Feb 9, 2012

Vietnam - Foreign tourists robbed everywhere

Tuoi Tre has followed groups of foreign tourists on their trips to tourism hotspots in the central provinces of Vietnam, only to see them being repeatedly disturbed and ripped off by hotels, and street vendors.

Even in the old town of Hoi An in Quang Nam Province, which has reportedly curbed the street vendors’ tendency to overcharge foreign holidaymakers in comparison to other cities, the latter still face a high risk of being “robbed” by local vendors.

One of the latest cases is that of Jimmy, a British man who was on his first ever trip to Hoi An. Jimmy told Tuoi Tre that on Tuesday he went for a haircut at a barber’s on Tran Phu Street, and was charged VND200,000 (US$9.6), while the actual price a Vietnamese customer has to pay is only VND30,000 ($1.4).

“I have no idea why the price difference was that huge,” the English tourist said.

Meanwhile, a Dutch couple avoided being overcharged by a souvenir vendor on Tran Phu Street, who tried to insist on selling them a wooden box for $8, since this is the second time they have been to Vietnam.

The couple only paid $6 for the box and left, while 10 minutes earlier, an female Australian tourist was not so lucky and paid $8.

For its part, the service that takes tourists around Hoi An on cyclos also charges local and foreign customers differently. Foreign backpackers have to pay VND150,000 for a 1-hour trip, while the rate for local residents is only VND100,000.

Similarly, in some photo shops, a souvenir photo is sold to foreign tourists for $5, double the price at which it is sold to someone Vietnamese.

Photo sellers said they have to hike prices “a little” due to low sales and the troubling economy.

Backpackers surrounded by disturbing vendors on Hai Van hill

On the morning of February 8, as Tuoi Tre observed, no sooner did a 52-seat bus arrive at the top of the hill than a crowd of male vendors approached the bus windows, noisily inviting the tourists to come to their cafés.

At one of the cafés, two male backpackers were enjoying their drinks when four street vendors surrounded them, asking them to buy some stone-carved jewelry and cell-phone bags.

One of the two tourists reluctantly drew out a VND20,000 (roughly $1) bank note and pointed at a cell-phone bag, only to hear the vendor charging $2 for the product!

Similarly, a handful of French tourists riding bicycles to the hill were also surrounded by vendors, who repeatedly asked them to buy beverages and souvenirs. The vendors only left the tourists alone when they appeared to become annoyed.

Nha Trang hotels, restaurants rip off tourists to feed brokers

At the beach city of Nha Trang in Khanh Hoa Province, hotels, restaurants and souvenir shop owners have colluded with hundreds of brokers to “pickpocket” foreign travelers.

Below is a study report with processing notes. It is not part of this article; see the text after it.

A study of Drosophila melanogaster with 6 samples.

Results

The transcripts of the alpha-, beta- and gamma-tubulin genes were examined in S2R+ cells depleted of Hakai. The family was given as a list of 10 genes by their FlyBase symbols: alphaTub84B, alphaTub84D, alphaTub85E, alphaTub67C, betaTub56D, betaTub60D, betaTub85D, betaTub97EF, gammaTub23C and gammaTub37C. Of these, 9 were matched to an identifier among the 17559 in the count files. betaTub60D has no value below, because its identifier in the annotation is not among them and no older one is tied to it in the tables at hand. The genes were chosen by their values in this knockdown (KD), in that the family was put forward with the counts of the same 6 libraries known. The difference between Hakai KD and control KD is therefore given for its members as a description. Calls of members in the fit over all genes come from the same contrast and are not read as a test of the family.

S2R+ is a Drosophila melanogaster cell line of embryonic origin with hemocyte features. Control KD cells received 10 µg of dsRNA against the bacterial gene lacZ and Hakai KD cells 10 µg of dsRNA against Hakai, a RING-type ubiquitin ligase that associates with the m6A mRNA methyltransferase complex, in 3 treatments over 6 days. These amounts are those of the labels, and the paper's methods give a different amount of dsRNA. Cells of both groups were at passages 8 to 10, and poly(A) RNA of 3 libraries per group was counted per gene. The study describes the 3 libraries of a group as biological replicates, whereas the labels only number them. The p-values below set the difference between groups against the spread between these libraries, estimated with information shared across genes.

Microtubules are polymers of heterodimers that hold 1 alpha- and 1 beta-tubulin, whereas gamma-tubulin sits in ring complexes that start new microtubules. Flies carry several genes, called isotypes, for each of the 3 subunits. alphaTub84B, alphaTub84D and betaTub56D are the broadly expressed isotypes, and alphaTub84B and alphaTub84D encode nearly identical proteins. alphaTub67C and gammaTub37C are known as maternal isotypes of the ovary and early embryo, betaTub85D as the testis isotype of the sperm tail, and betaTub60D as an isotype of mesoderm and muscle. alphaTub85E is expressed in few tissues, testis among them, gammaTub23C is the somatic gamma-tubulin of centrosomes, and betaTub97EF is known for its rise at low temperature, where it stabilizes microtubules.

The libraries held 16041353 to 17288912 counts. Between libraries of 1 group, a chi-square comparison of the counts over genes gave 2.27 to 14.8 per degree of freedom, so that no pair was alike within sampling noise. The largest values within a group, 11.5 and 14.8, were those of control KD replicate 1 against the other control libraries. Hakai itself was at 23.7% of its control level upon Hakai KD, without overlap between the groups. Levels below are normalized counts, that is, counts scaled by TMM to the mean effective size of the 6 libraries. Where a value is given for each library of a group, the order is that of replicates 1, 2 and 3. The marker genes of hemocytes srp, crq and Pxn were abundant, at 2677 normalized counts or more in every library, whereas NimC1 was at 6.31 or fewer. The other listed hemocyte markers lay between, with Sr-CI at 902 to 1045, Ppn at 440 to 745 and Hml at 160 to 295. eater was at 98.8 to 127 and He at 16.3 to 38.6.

On February 8, two Tuoi Tre correspondents disguised as employees of a travel agency came to Thanh Thuy hotel in Alley 64, Tran Phu Street to book rooms for a group of eight tourists. The hotel receptionists said there were only single rooms left.

Though the listed price for a single room, as shown at the reception table, is only VND150,000 a night, a receptionist said the real charge is VND200,000.

“How can we earn a profit from the listed price?” she said. “Moreover, part of the overcharged amount will go to your pocket [for brokering].”

A hotel broker in Nha Trang “advised” that your correspondents should negotiate with the hotel owners for a higher accommodation costs than what they report to the tourists, in order to pocket the difference.

Similarly, the Hon Do seafood restaurant on Pham Van Dong Street also asked your correspondents to collude with them in ripping off the tourists, after being informed that a group of 12 tourists would come to the restaurant.

The manager said the restaurant would pay your correspondents 10 percent of the total value of the bill if the tourists ordered expensive seafood that is not listed on the menu, such as lobster, crab, and shellfish.

“If you do not want to get the 10-percent commission, we have another way to pay you,” she said.

“If a lobster weighs only 1 kilogram, I will inform the customers that it weighs 1.1-1.2 kilograms, and the difference will come to you.”

“None of the restaurants here will pay you higher than that.”

Scam money exchangers in Hue

Meanwhile in Hue, a group of a dozen women frequent the bus station in front of the Emperor Palace everyday to hunt for European tourists. As the tourists get off their buses, the women approach them, saying they have some small change in Euros and want to exchange it for notes with face values of EUR10-20.

Upon receiving the notes from the tourists, the women quickly put some Euro coins into their hands, and flee. The tourists later learn that the coins have lower values than the banknotes they have exchanged with the women. Some of the coins even turn out to be Thai baht, whose design is similar to that of the Euro, but of a much lower value.

The women also prey for victims in restaurants on Pham Ngu Lao, Vo Thi Sau, Chu Van An, and Nguyen Cong Tru streets.